November 14, 2017 / 8:01 PM / a year ago

Short-seller Chanos sees supermarkets becoming a 'group of pain'

NEW YORK (Reuters) - The prominent short-seller Jim Chanos on Tuesday said he has bet on a decline in the share prices of supermarket chains, calling the sector “probably the next major industry group of pain.”

James Chanos, Founder and President of Kynikos Associates LP, speaks during the Reuters Global Investment Outlook Summit in New York, U.S., November 14, 2017. REUTERS/Mike Segar

Speaking at the Reuters Global Investment 2018 Outlook Summit, Chanos said traditional supermarket chains are burdened by excess square footage, low margins and competition from rivals such as Inc (AMZN.O), Wal-Mart Stores Inc (WMT.N) and low-price German retailers Aldi and Lidl.

“Pretty much I wouldn’t want to be long any of them,” said Chanos, the founder and president of Kynikos Associates LP in New York. He predicted “forced consolidation and layoffs, and it’s not going to be pretty.”

Known for correctly betting against Enron Corp long before the energy company’s 2001 bankruptcy, Chanos declined to identify which supermarket chains he is shorting, but said one is a non-U.S. company with operations in the United States.

Publicly traded grocery chains include Kroger Co (KR.N) and Supervalu Inc SVU.N, whose share prices are down more than one-third this year, and United Natural Foods Inc (UNFI.O), which is down by nearly one-fifth.

Among others are also Sprouts Farmers Market Inc (SFM.O) and Koninklijke Ahold Delhaize NV (AD.AS), parent company of Food Lion and Stop & Shop.

Chanos is not alone in projecting rough sledding for the sector.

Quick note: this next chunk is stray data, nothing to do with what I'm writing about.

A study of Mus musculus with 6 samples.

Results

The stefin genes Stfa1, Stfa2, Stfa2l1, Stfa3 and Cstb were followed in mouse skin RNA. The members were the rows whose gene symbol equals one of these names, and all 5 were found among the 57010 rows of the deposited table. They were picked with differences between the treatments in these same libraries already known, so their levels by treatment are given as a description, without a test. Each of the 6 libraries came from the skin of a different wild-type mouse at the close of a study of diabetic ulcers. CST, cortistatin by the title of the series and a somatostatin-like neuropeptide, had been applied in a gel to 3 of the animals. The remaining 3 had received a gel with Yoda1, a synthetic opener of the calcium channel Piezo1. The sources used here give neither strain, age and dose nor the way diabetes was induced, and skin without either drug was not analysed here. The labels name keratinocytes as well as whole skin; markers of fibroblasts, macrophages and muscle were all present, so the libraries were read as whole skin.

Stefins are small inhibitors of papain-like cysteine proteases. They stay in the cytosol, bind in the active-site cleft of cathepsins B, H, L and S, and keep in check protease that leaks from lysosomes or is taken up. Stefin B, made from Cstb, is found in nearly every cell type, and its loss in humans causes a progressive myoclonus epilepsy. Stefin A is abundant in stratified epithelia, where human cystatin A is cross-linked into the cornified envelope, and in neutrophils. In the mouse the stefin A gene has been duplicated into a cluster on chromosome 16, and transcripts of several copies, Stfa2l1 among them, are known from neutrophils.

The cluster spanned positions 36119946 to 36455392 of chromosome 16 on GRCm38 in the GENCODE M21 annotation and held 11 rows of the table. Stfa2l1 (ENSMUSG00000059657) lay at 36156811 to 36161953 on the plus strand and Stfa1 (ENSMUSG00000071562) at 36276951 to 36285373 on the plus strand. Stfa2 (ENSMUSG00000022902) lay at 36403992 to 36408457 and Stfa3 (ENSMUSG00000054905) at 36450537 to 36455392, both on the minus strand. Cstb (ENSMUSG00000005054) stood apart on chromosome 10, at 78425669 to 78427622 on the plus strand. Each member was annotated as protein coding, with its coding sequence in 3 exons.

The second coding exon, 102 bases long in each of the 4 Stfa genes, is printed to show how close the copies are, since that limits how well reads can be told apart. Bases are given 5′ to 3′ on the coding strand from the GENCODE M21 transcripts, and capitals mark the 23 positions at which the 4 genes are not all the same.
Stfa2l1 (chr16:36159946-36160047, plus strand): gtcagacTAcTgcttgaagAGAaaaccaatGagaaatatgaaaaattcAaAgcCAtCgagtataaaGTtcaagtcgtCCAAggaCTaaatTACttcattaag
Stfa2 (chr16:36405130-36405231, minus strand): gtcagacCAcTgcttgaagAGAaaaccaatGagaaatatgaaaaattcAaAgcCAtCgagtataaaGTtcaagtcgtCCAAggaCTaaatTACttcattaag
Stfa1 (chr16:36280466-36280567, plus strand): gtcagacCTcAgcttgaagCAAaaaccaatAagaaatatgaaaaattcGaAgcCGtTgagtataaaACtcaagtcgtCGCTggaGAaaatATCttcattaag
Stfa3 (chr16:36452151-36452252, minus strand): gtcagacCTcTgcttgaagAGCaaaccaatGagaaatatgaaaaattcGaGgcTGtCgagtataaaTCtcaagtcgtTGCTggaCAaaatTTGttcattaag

Short interest in Kroger, Sprouts, Supervalu and United Natural rose after Amazon agreed in June to pay $13.7 billion for Whole Foods Markets Inc. The short interest in Kroger represents 8.3 percent of shares, while for United Natural it stands at 17.3 percent.

Chanos said that while Amazon’s move would pressure supermarket chains, Aldi and Lidl could be bigger disrupters.

“You have the advent of these two German competitors who are ruthless, putting up boxes with enormous amounts of decent private-label selections at low prices, in a format people seem to like,” he said. “They’re coming into pretty much every decent market and obliterating the business.

Aldi said in June it planned to invest $3.4 billion to expand its U.S. base to 2,500 stores by 2022. Lidl opened its first U.S. stores this year.

Chanos said overcapacity will further pressure an industry that operates on margins of only 1 or 2 percent.

“We were not short the department stores,” Chanos said of another traditional retailing sector that is retrenching quickly. “We missed it. Supermarkets are probably the next major industry group of pain, not just because Amazon has gotten into it.”